Editor’s note: Hailing from her new book 10-Minute Sourdough, this recipe is sure to be a hit during the holidays when you want something extra special. Because Vanessa comes from across the pond, her recipes are written in grams and Celsius. We added the approximate cup and Fahrenheit measurements to help, but definitely try and use weighted measurements for accuracy if you can.

Makes 1 large boule

Ingredients


  • 370 grams (1 1/2 cups) water at 27°C (80˚F)
  • 150 grams (3/4 cup) bubbly, lively second-build starter
  • 350 grams (2 2/3 cups) organic white flour (13% protein), plus extra for dusting
  • 150 grams (1 ¼ cups) organic stoneground wholegrain flour (11.5% protein)
  • 10 grams (1 ½ teaspoons) fine sea salt
  • 100 grams (3/4 cup) dried mixed fruit
  • 1 teaspoon ground cinnamon
  • 25 grams salted butter (1 ¾ tablespoons), softened and chopped into chunks
  • 2 tablespoons polenta

Instructions


Mix

  1. In the bowl of a stand mixer, whisk together 350 grams of the water and the sourdough starter until well combined. Add the flours and sprinkle the salt evenly over the top. Mix vigorously in the stand mixer with the dough hook for 1–2 minutes until there is no dry flour left and the mixture comes together to form a stiff ball.
  1. Cover and let the dough rest for 1 hour so the gluten can form. Meanwhile, refresh the remaining starter in your jar and put to one side.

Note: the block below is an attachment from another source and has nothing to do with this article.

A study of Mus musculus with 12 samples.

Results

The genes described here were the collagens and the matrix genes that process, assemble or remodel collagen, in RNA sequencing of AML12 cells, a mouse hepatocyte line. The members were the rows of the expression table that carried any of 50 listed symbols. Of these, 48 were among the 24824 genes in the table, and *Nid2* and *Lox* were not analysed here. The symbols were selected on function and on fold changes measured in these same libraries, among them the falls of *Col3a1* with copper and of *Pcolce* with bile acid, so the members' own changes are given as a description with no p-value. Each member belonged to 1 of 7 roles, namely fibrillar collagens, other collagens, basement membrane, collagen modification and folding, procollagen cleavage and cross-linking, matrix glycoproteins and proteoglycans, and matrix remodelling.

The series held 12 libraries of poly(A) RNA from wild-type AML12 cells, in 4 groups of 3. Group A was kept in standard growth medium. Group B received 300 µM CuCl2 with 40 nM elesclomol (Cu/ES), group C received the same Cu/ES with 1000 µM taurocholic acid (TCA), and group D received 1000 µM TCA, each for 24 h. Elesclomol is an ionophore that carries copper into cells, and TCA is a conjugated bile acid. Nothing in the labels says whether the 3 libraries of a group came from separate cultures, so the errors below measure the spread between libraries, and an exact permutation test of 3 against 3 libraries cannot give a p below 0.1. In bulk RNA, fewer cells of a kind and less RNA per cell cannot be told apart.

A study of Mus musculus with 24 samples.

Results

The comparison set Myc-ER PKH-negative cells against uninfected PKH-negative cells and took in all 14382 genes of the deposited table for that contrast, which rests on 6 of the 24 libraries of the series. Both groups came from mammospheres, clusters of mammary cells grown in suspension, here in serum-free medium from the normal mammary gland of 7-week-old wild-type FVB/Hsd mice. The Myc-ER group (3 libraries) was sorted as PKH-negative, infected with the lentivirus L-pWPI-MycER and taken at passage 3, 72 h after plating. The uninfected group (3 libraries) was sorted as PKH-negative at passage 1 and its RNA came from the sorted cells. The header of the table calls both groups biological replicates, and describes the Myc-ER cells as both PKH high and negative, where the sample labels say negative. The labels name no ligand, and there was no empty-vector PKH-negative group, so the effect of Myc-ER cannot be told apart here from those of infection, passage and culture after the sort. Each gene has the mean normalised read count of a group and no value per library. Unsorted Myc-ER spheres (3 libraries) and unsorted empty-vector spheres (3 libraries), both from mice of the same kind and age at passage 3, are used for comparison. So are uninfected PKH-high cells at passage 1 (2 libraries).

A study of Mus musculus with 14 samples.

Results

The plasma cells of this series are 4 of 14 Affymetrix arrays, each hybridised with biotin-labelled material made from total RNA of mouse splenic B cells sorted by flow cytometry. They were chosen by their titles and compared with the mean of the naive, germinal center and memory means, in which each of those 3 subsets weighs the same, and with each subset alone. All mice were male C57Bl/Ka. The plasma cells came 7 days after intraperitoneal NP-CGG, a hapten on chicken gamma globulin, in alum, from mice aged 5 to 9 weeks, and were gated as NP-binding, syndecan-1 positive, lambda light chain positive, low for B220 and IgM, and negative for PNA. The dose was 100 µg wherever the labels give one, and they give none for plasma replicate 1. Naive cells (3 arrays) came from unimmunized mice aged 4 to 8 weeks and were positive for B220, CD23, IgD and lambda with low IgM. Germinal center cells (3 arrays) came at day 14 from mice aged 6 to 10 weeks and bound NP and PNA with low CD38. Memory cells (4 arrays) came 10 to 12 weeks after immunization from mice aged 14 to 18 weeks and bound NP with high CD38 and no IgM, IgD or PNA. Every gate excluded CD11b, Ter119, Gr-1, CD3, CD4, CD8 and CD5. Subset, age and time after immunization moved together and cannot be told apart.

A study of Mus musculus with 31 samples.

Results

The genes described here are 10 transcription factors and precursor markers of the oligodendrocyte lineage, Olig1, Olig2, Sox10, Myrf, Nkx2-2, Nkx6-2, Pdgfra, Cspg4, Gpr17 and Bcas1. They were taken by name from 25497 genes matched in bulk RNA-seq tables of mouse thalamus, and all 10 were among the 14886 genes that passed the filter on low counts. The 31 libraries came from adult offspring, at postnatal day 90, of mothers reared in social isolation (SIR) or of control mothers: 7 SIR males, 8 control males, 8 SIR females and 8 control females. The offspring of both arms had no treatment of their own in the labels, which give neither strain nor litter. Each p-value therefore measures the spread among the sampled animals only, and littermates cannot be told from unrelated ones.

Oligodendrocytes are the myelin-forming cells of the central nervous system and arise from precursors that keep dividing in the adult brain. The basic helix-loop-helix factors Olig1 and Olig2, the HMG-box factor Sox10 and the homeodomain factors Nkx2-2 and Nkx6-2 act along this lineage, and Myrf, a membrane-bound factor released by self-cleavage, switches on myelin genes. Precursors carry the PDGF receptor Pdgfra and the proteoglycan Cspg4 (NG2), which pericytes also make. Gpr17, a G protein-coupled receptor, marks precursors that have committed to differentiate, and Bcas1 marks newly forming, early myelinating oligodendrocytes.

Bassinage

  1. Return the bowl to the stand mixer and gradually add another 10 grams water as you mix for 1 minute. Leave the dough to rest for 20 minutes. Mix for 1 minute more, adding the final 10 grams water to the dough, a little at a time. Transfer the dough to a wide, shallow bowl and add the fruit, cinnamon and butter. Dimple and squidge these into the dough with wet hands. Cover and rest for 1 hour.

Shape

  1. Shape into a round boule, then place the shaped dough, floured-side down, into the banneton.

Proof

  1. Cover and leave at 27°C (80˚F) for 40 minutes, before refrigerating overnight at 5°C (41˚F).

Bake

  1. The next morning, preheat your oven to 220°C/gas mark 7 (425˚F) for 30 minutes and place a cloche in the oven to preheat.
  1. When you’re ready to bake, transfer your dough to the preheated cloche. Score the dough using a lame and cover immediately with the cloche dome.
  1. Place in the oven and reduce the temperature to 200°C/gas mark 6 (400˚F) Bake for 50 minutes. After this time, remove the cloche lid and bake for a further 1–7 minutes, depending on how dark you like your crust. All ovens are different, so be sure to check your loaf towards the end of the baking time. Carefully remove from the oven and cool your loaf on a wire rack, or leave it to cool in the oven with the door open and the oven off. By now, your starter should be ready to put in the fridge until you next want to prepare it for baking.
  1. Once cool, wrap your loaf in a clean, dry tea towel for storage. It’s too delicious to last long, but if you can resist eating it all at once, it’s best enjoyed within 2–3 days.

Pastry at Home is a hub for elevated dessert recipes for home bakers. Our editors Tish Boyle and AnnMarie Mattila strive to bring you the best curated content to help make you a smarter baker and dessert maker. If you want to be a part of our community, please contribute on the Submit a Recipe page. Or if you have another contribution idea or product you think we would like, shoot us an email at info@pastryathome.com. We would love to hear from you!